Entering a new era of journey mapping
Customer journey mapping has been around for a long time; (Wikipedia says 1999). As a practice, it’s not widely disputed as an effective way to understand how customers and prospects interact with a company’s various channels and communication points, and even to pinpoint what they were doing before they got to you. Most CX professionals would agree that it’s a useful exercise at the very least to know what your customers go through to do business with you (or choose not to).
However, a lot has changed since 1999. What was once a linear approach from prospect to customer is now a matrix of possible approaches across layered digital and physical channels. It may have been possible in the past to pull together highly knowledgeable stakeholders in an organization (those who truly know the ins and the outs of the business) and piece together a rather accurate picture of the customer journey. Those types of “assumed journeys” are likely not possible anymore, save for the very smallest of companies.
As a recent MyCustomer article warned: “…pitfalls lie in wait for anyone who thinks that customer journey mapping is a process that involves booking out a meeting room at the office and inviting a few stakeholders to pin some post-it notes to the wall. 67% of any buyer’s journey is now done digitally, and this means an increasing reliance on data to drive decisions.”
Clicktools Guest Blogger, Daniel Newman, concurs in his post Making Customer Data Core to Customer Experience: “We’re moving toward a data-driven user experience approach that starts with our desired outcomes and leverages data to segment our consumers into different populations, ultimately leading to personalized experiences.”
In fact, Gartner predicts that by 2018, 60% of large organisations will have in-house customer journey mapping capabilities, up from no more than 20% in 2015. Similarly, in a recent Econsultancy survey, 73% of digital marketers said data was critical to underpinning their journey mapping exercises.
In other words, we now have the data to work backwards to devise our journey maps based on what customers actually do. We can use the data to reverse engineer the maps — and as a result, the customer experience.
That sounds cutting-edge and exciting, but wait! Let’s not forget about actual customers. We still have to include those flesh and blood humans to verify the assessments we’re making from data. The right solution is probably a combination of data about the customer and insights (and emotions) from customers. This allows for a real depth of understanding versus just raw data points, which can certainly be misleading. What if a large number of your customers make purchases in store versus online? Does that mean that your in-store experience is incredibly irresistible? Or does it mean that your online or mobile experience is bad enough to force customers to make a trip that may not really want to make?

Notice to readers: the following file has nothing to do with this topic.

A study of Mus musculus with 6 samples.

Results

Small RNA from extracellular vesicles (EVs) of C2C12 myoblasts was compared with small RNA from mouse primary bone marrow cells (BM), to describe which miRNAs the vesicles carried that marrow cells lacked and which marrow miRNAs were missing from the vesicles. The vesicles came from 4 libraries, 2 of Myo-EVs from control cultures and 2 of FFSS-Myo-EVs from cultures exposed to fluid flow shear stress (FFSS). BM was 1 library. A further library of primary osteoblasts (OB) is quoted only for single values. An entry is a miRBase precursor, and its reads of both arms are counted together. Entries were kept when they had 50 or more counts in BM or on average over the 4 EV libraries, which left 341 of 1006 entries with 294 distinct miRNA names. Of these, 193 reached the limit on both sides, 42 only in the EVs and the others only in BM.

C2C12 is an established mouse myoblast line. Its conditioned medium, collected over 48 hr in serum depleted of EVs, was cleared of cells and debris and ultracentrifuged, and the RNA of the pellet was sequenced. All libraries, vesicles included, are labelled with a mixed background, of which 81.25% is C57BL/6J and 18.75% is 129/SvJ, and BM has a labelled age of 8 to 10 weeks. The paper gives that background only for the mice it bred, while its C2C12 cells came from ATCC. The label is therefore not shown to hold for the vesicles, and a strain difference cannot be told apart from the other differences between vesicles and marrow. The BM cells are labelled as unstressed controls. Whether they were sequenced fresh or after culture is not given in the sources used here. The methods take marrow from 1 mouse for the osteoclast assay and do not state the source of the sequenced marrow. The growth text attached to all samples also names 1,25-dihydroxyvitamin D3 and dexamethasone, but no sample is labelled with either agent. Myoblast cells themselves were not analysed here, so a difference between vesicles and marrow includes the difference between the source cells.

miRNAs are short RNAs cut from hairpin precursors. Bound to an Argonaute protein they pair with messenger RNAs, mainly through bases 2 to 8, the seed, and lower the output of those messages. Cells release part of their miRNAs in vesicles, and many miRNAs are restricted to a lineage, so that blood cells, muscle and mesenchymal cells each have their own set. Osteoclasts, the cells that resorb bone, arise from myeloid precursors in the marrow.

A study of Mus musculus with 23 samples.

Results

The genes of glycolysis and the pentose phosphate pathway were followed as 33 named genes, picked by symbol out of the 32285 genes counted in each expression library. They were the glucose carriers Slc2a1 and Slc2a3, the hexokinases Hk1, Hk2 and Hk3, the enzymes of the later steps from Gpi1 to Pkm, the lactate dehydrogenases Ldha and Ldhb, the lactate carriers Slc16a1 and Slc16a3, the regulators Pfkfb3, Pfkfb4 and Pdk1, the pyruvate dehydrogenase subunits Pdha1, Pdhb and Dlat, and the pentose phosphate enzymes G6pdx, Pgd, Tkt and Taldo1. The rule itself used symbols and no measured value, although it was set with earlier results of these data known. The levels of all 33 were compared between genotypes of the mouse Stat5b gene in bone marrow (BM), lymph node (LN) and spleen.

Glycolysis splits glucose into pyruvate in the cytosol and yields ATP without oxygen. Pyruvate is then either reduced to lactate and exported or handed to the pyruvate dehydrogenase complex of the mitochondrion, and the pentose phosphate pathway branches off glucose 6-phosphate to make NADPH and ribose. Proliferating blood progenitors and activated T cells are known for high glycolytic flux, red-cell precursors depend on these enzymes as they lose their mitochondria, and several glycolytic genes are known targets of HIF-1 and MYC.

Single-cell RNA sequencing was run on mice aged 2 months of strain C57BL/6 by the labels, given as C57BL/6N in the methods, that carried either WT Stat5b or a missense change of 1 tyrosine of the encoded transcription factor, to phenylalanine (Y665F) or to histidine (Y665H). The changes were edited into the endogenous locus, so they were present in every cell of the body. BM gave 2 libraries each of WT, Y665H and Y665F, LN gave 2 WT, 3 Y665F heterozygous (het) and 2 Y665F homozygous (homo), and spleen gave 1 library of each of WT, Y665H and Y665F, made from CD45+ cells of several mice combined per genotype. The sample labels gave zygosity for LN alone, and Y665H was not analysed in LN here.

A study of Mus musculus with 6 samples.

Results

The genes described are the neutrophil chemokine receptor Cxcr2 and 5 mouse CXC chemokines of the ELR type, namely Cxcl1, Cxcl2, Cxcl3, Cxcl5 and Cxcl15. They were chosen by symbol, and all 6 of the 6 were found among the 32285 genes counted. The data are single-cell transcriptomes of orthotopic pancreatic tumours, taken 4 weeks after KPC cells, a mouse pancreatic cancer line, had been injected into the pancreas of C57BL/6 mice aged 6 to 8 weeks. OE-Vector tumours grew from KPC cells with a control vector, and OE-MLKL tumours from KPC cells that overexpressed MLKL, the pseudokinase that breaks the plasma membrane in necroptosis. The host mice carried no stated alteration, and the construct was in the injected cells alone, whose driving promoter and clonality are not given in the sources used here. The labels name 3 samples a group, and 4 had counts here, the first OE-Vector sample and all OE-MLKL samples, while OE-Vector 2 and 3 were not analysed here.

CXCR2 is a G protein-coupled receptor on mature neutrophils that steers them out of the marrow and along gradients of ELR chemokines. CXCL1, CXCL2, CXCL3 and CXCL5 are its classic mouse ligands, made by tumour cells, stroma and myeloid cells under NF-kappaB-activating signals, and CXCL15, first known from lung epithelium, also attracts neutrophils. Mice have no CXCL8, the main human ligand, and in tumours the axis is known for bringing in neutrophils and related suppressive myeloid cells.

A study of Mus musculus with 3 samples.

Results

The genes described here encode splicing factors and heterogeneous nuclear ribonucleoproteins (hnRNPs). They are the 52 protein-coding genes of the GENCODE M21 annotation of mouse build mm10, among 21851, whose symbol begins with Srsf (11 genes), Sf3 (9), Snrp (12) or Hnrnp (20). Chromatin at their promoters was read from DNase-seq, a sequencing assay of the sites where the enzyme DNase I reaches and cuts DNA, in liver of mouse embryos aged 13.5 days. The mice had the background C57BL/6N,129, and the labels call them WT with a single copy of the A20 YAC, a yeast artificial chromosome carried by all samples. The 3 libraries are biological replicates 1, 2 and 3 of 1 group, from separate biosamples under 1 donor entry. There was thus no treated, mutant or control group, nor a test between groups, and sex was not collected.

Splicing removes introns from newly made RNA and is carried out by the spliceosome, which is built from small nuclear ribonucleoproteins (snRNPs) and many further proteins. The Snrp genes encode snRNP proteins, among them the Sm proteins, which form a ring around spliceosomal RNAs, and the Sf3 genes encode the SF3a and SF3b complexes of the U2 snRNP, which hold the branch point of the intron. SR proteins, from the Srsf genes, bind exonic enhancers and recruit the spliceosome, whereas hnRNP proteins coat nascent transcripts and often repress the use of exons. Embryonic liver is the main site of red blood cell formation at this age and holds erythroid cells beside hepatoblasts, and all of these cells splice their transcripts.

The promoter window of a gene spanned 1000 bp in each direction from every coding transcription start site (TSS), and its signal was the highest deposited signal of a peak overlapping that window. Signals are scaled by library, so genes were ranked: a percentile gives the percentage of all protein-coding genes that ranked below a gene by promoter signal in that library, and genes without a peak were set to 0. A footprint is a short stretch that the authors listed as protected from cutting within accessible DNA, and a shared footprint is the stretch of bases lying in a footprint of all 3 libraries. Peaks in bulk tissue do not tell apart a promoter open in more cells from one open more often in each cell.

Only by asking customers these questions in surveys and/or focus groups can you get to the bottom of why your journeys look the way they do. Combining digital info with human insights will enable you to create a more holistic view of the entire journey and not be misled by data points alone.
Keep in mind also that the end goal of journey mapping (beyond using them as training tools for customer-facing staff) is to identify gaps in information, content, service, etc. Your journey maps will lead you to better shaping, streamlining, and guiding customers toward their most ideal conclusions (e.g. sales, satisfied service encounters, repurchase, etc.). It is not about developing a fancy infographic for employees to tack to their cube wall or for executives to point to when claiming to understand customers.
Our friend and Clicktools guest blogger, Jeannie Walters, CEO of 360Connext, was recently quoted as saying: “I believe the biggest mistake is approaching the mapping as a one-off project, where the purpose is a slick poster or deliverable. I really believe there is magic in the process of mapping. Getting everyone to really examine, evaluate and understand what is happening to the customer TODAY in the journey helps everyone feel empowered to improve it. If the journey map is all about something to frame on the wall, it’s completely missing the point.”
One thing’s for sure: a lot has changed and we’re certainly entering a new era of journey mapping that combines technology with actual feedback (and removes much of the guesswork of times past). So, it’s safe to say that creating journey maps has become much more complex, but it seems that the rewards of doing so well have also strongly increased. It is the customer-centric age after all. You master those maps and you’re steps ahead in winning in the customer experience race.